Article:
Chiming in, I think two hours is reasonable for a single 8x10 from entering the darkroom to hanging the print to dry. Once you get a print you like into the stop bath, dupes take a LOT less time, so you could probably have ten identicals done in 2h30 assuming no snags.
Remember to pay yourself first.
Figure out what two hours of your time is worth to YOU, without consideration to what's affordable or competitive.
THEN figure out your costs,
THEN figure out what price the market will bear.
At that point you can adjust what you're getting paid if it's worth it to you.
You pay yourself first for two reasons: you need to make sure that the thing is financially feasible, IE if the price you can charge is less than what your time is worth the project needs to be re-engineered,
and if you aren't getting compensated sufficiently for your time you will grow to hate your work, even if the activities of it are things you love. And that's the worst.
Monetizing your passion/hobby is a tricky thing, because if you do it wrong you can destroy something you love.
Originally Posted by rwreich
My average, excluding extremely quick one and extremely long one would be about an hour to two excluding washing time. With this, I can slap on a Kodak projection scale for a quick test, make 2 or 3 _quick_ small print, dry then in microwave, then 2 or 3 final size print. Usually - by then, I have a "semi-keeper". These usually go into my folder, not into a frame for wall display.
Probably this answer is more in line with what you are asking.
Since it's a business, your efficiency in the darkroom is of high importance. However, it is just one consideration among a whole host. The most important question is, are you doing a business plan? You really should. Use it to tie all of the considerations together into one easy to grasp bundle. Actively seek out every possible reason for failure, come up with a behavior to counter it and put it into the business plan. Decide ahead of time what will cause you to quit.
Best of luck to you.
If you are planning to print for others then the only timeline to consider is if the client likes your work, if you want to stay in business then quality is what counts, and how fast you can give that quality will determine if you make a profit.
Look at others pricing and you will place yourself near that, undercutting pricing will get you no where.
QUOTE=rwreich;1497690]Yes, Pbromaghin. I'm sorry that I didn't make that clearer. Please accept my appologies.[/QUOTE]
Thanks to everyone - my business partner and I are in the midst of this process at the moment. He has a background in business and, hopefully, that will keep us on track to stay on target. That's really why I'm trying to quantify all of this time and value.
I like the idea of "Actively seek out every possible reason for failure, come up with a behavior to counter it and put it into the business plan. Decide ahead of time what will cause you to quit." That's not something I am used to thinking about.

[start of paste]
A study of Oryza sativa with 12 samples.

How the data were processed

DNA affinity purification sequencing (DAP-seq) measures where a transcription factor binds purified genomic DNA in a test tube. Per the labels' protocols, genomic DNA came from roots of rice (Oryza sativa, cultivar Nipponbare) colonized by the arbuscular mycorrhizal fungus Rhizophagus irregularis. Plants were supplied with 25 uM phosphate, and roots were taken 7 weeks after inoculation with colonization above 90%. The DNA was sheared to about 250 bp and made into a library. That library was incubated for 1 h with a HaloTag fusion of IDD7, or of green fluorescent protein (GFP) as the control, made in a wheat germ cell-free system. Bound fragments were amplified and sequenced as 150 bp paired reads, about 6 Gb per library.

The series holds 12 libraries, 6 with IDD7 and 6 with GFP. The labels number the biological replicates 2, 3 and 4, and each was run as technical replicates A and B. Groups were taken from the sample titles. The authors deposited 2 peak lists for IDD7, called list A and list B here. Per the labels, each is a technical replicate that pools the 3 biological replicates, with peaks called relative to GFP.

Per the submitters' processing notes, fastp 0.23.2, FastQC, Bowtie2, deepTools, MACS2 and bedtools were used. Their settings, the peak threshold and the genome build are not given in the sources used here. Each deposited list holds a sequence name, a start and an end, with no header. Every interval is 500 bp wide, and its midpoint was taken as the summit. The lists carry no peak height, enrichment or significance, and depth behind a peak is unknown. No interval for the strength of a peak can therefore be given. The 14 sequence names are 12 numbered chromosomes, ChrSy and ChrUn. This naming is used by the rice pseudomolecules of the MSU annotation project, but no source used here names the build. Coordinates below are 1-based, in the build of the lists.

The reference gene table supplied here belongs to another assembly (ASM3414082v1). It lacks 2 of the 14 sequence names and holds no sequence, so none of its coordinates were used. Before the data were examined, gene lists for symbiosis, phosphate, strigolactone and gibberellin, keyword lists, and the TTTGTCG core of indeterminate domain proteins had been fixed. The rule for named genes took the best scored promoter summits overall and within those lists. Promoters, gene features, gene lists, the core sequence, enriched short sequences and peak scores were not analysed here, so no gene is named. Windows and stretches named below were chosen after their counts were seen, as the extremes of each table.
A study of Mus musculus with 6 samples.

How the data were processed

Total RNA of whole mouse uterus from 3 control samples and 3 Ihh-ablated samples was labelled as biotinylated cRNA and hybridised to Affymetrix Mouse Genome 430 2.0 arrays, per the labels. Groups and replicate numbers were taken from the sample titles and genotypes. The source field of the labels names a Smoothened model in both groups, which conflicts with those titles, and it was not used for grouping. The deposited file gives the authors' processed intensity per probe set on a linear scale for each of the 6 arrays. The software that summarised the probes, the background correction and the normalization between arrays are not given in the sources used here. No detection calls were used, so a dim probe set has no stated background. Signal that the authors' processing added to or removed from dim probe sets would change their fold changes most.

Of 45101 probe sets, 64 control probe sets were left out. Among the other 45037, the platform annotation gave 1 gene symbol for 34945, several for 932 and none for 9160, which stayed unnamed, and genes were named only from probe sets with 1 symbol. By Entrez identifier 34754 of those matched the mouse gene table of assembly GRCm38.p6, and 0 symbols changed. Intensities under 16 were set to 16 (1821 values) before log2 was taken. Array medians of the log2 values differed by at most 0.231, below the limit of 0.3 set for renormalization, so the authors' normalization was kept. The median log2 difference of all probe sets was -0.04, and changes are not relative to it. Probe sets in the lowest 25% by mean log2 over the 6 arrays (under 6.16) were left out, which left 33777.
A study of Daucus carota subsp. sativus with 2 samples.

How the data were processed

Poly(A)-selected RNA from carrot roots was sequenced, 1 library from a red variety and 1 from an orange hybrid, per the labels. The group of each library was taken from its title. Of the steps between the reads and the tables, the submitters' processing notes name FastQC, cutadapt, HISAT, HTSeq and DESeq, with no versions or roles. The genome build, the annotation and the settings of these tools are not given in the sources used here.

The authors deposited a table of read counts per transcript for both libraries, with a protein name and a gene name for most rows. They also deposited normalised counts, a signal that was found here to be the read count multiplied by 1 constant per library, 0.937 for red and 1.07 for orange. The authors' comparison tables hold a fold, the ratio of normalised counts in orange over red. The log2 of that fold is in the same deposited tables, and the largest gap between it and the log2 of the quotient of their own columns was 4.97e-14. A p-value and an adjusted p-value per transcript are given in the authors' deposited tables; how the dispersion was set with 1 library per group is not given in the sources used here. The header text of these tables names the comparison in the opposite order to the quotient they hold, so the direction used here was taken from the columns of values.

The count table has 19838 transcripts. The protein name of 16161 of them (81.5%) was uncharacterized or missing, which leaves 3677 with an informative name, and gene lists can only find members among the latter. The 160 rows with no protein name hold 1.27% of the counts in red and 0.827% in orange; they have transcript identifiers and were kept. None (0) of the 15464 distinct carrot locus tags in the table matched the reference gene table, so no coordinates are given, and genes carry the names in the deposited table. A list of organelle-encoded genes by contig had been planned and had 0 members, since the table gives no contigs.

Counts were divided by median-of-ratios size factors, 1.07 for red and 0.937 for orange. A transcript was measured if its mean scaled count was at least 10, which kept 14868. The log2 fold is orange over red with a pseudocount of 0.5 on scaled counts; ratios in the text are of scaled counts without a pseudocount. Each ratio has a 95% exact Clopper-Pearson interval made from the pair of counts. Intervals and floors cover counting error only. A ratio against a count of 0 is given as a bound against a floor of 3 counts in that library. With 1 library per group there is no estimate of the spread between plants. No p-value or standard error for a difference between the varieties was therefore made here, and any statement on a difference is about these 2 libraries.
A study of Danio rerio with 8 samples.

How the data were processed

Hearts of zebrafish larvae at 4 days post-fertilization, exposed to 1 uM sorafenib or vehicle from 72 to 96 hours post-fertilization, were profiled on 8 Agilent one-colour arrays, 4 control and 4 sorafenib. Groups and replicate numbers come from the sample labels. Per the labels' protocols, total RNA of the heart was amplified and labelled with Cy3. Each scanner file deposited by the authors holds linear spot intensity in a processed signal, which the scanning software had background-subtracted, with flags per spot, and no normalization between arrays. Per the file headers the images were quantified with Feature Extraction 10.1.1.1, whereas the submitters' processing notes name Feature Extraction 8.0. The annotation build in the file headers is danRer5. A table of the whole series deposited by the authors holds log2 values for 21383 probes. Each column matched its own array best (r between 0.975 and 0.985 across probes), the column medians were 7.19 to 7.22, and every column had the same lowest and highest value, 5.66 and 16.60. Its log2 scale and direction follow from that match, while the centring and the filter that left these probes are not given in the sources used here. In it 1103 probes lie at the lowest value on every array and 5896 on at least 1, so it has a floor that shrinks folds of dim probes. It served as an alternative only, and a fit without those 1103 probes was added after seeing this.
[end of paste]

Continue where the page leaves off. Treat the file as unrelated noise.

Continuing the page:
I need to think about how I can say what I'm thinking and then I'll get back to you. Besides, it's time to pick up the kids from school;-)
As a cop friend once told me, "There are 100 ways to screw up a crime. A genius can think of 50. And buddy, you ain't no genius."
The same applies to business. Assuming you don't yet have a business plan, I definitely recommend that you start by going to the library and bringing home 3-5 books that deal with the subject. Read them all. Have your friend do the same. Sit down together and hammer one out. Take turns editing it. Keep working on it until it sings. Then start your business and keep writing new versions of it every year.
Re printing for others, get real good, then charge accordingly.
A single 10" X 8" including making up dev/stop/fix to hanging print to dry, 30 minutes tops.
30 minutes is not out of the question for me... With fiber based paper, though, I expect to be a little more deliberate. I was thinking that a careful hour could save time in the long run.
Of course, if I only use a half-hour to make a good print, I'll have more time to post to the forum;-)
I'm wondering if things have changed so much since I was doing this a quarter of a century ago? Most prints - and especially tiny ones as you describe - will not be wanted to 'exhibition' standard. People will bring you film in rolls and sheets for development and 'good' prints. Generally those would have been on RC paper. You need to print these in a few minutes, with minimal wastage.
Consider finding yourself a machine-processor for up to, say, 16" prints - few people who are not printing themselves will even know the difference between RC and fibre, and the processor will speed your dry-to-dry workflow enormously hence enabling you to offer a wider range of services. A machine-printer is most likely overkill these days, but if you have large orders (for example, over fifty straight prints per neg, if that still happens?) then it would save you time also. Unless you already have a name as a printing god you will be doing a lot more RC than fibre, simply because you have to charge for the extra time needed for washing, toning and finishing on the fibre paper.
Being able to cut mattes and offer a mounted print ready for a frame is an extra 'something' you could look at as part of your package. Dev+print to 10x8 or 8x8, with one 12x16 matted, clients choice. That sort of thing. This will set you apart from mail-order type places for example.
Look at the prices for simple but 'good' prints in well-known labs and you will find that they are surprisingly low. It is that sort of product which will be your bread-and-butter I expect.